Extension Educator, Local Food Systems and Small Farms
I believe we've had as many days of 85 degree or higher temperatures this past May, as we did the entire year last year. It's really made plants respond, with the early corn seeming to grow inches a day.
The wet weather that we've seen the past month or more has also had effects on increasing opportunities for plant diseases on many plants. Among these would be strawberry leaf diseases, fire blight on apples and pears, scab and rust on apples, powdery mildew on bluegrass, plus others.
About the only action home owners have to deal with these diseases is a preventative application of fungicides, beginning early in the season. The past three springs have been extremely wet, which is very beneficial to many diseases as most pathogens require moisture to spread. Some pathogens prefer cool weather, while others prefer hotter. It just depends upon the specific disease.
We've had several calls of late from individuals who have noticed the terminal ends of their pear or apple tree turning brown. This includes the leaves, branch and any fruit. This is fire blight. Many pears and certain apple varieties are susceptible, and we've had excellent conditions the past two years for this disease to spread. The telltale sign is the rather fast browning of the terminal ends of branches. Unfortunately, there is little a homeowner can do, other than prune out those dead areas. However use caution to minimize the potential spread of the disease. Cut back 12 inches from where you see the last discolor on the branch. And then dip the pruners in a 10% Clorox bleach solution to kill any pathogens to prevent spread.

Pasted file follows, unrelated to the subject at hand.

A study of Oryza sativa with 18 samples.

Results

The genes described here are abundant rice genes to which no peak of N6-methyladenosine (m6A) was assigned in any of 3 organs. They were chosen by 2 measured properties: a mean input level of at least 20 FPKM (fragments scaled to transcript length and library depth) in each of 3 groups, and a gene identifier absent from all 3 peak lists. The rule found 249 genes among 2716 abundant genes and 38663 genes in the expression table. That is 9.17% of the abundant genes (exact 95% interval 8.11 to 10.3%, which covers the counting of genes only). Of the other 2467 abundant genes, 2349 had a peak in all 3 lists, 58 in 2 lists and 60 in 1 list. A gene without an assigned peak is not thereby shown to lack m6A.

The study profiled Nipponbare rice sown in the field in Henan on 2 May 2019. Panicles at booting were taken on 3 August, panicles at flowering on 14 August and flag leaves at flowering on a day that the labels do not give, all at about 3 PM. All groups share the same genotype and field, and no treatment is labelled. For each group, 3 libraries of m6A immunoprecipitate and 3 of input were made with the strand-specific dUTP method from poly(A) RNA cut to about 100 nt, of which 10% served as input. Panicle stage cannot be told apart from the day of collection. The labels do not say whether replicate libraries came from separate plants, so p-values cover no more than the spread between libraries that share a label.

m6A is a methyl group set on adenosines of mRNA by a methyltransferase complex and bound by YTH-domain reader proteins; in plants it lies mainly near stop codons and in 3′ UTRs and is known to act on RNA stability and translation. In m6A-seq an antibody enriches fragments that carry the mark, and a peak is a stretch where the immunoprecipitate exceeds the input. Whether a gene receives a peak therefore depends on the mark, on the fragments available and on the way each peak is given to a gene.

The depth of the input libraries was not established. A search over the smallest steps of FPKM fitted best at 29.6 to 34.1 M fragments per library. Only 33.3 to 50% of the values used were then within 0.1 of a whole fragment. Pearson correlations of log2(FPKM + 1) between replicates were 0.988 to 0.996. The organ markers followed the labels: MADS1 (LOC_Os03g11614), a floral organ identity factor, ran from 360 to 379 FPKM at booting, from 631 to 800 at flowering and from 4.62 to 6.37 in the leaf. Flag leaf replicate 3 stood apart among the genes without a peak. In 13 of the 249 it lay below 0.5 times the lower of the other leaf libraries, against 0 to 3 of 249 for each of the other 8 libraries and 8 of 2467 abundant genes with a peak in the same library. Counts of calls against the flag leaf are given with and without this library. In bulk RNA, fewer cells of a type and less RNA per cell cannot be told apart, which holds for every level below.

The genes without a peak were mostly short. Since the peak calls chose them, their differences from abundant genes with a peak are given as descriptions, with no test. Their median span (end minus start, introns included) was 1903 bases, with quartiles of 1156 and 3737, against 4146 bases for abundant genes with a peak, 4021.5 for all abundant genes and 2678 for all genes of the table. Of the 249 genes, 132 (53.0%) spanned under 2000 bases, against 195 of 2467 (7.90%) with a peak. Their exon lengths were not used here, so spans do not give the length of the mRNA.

Strawberry leaf diseases and accompanying fruit rots are abundant as well, again due to the abnormally wet weather. A good fungicide spray program would have prevented many of these concerns. Another good prevention is a straw mulch to prevent the berries from contacting the soil, which carry over some diseases. Some of these pathogens infect the developing fruit very early, while others can infect as the fruit mature.
We have suggested disease and insect spray programs for homeowners for many home fruit plantings. Contact us for more information at 217-223-8380.